Fly Fishing Music – Top 5 For 2015

| January 1, 2016





In at number five is a band that combines the force of Dan Auerbach of the Black Keys with the musicians from The Arcs, and what you get is a disc that, as I hear it now, could have been placed a lot closer to the number one spot. My goal, though, is to expose readers who listen to sounds that take them somewhere other than where they’ve been before. So it sits at Number 5.


The release by Tweedy is a dead giveaway, with Jeff and son Spencer banging the skins on the disc “Sukierae.” You’re detecting bias that I cannot deny! Even if I felt duped by Wilco, and their years of retracing the Beatles “White Album,” all is forgiven here. In my own defense, you’ll realize Wilco’s release this year did not make the Top 10. That release sounded a bit like Wilco doing Wilco. It just didn’t ring true. “Sukierae” rings true, and we can only hope we have a new Tweedy to eventually, in his own time, step out of the shadow and step up. I am guessing a few females will be falling in love with a drummer.


Los Lobos “Gates of Gold” is easily Number Three this year. I toyed around with it at the one spot until it got down to the last run through. These are musicians who have four decades under their belts, and are flexing their musicianship on this release. This is a fantastic disc because your expectations of Los Lobos will be totally blown by “Gates of Gold.” It rocks hard, it sounds like Los Lobos, it’s jazz and it’s Mexican roots. I get the feeling they had to whittle this one down to get to one disc. I’d take three of these if it were possible. Plug this in and head for the border (I am in January!).


This is surprisingly easy as we slide into the Number Two spot. None other than a Will Johnson solo release “Swan City Vampires.” Yes, the videos by him and his other personalities are weird, but in reality, he and his videos, and his art are a perfect representation of the Denton, Texas, I have known all these years. This Lynch-onian subterranean life is all around us here in Denton, and has been for decades. If it haunts you, that’s okay. If it takes you off the streets at 2-am, that’s okay. These are the sounds we hear coming from houses in just about all (working class) neighborhoods in Denton. Maybe after forty-plus years of intense music seeking and listening I worked my way into this sound? It could easily have been Number One, but I went sentimental (in the Number One spot) after the year I’ve had.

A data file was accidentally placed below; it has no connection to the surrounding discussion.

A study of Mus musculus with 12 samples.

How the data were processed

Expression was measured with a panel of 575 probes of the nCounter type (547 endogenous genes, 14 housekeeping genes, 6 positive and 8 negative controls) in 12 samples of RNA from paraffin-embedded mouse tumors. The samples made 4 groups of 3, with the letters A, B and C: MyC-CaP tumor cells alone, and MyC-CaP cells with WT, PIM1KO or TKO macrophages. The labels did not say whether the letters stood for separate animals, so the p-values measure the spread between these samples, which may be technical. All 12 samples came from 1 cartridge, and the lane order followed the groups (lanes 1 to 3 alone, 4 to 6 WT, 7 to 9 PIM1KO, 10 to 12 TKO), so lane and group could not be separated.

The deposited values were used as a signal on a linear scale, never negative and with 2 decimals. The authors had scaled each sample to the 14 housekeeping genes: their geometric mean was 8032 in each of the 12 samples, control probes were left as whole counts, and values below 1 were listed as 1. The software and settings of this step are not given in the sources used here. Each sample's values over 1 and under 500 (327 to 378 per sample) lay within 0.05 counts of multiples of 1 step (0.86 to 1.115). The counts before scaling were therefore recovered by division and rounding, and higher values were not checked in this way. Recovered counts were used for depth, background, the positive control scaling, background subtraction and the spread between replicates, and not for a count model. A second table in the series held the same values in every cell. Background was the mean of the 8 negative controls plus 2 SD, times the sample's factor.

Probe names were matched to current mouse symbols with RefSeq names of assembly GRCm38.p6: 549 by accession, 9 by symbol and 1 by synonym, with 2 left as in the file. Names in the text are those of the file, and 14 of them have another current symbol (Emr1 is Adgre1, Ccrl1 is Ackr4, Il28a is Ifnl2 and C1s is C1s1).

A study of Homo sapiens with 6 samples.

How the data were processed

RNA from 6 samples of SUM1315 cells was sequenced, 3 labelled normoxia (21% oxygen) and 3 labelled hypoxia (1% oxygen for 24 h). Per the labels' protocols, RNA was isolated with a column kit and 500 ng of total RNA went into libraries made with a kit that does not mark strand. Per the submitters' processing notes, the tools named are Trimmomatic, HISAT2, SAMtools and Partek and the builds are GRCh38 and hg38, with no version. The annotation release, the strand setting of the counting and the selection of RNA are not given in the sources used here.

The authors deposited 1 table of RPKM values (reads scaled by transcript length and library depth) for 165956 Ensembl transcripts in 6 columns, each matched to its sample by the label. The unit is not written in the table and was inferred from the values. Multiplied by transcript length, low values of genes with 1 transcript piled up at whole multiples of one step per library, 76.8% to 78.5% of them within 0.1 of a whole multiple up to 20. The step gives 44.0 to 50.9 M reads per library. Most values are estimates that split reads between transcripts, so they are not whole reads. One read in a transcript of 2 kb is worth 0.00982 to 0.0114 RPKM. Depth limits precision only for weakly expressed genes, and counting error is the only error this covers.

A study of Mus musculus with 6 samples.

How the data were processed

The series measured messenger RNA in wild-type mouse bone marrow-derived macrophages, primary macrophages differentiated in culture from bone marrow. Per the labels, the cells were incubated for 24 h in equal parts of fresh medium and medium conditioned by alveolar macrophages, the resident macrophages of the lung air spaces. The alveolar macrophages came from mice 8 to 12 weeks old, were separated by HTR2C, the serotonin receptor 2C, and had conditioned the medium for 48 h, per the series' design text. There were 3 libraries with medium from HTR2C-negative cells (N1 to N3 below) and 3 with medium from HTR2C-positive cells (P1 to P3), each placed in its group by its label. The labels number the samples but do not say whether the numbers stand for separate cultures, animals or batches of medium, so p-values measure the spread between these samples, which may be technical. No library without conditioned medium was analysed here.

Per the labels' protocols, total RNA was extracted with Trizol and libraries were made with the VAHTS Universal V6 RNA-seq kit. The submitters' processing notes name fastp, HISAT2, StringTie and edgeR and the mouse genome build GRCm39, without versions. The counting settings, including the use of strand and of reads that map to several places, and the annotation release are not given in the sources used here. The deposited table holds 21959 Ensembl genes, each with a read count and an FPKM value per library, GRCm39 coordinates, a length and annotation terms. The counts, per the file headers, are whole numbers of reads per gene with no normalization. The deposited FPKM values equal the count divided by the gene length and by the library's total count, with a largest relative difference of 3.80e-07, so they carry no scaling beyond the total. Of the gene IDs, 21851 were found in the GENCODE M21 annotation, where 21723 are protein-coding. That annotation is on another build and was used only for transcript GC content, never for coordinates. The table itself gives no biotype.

Every time I see James McMurtry, he seems a little happier than the last (in his onstage presence), more comfortable in his skin perhaps. I hope that’s a good thing. Regardless of his early reputation, which I know has alienated a lot of fans, his writing ability leaves everyone else writing (with care for writing) in the rear view mirror – and now fading fast. And I am not making any exceptions for any lyricist alive today. “Complicated Game” is simple really. McMurtry has stripped down to a more acoustic sound for this release, and takes us on a geographic trip from right here in Texas, to Long Island to South Dakota. Listen to the lyrics and you will believe one of two things; either McMurtry has an extraordinarily vivid imagination, or he’s actually been to these places … and gleaned deeply.

“Honey don’t you be yelling at me when I’m cleaning my gun.
I’ll wash the blood off the tailgate when deer season’s done.
We’ve got one more weekend to go
and I’d sure like to kill one more doe.” – Copper Cantene from Complicated Game

One tune, the last, “Cutter” seems wildly out of place, and tacked onto this disc. It is as dark as anything I have ever come across, but maybe it’s a foreshadowing of where he’s taking us next. Make no mistake, Complicated Game will take you from wherever you are to where McMurtry wants you to be. This release could cause you to backtrack and listen to a lot more of James’ music.

NOTE – Catch Will Johnson live at Dan’s Silver Leaf in Denton,Texas, January 7, 2016.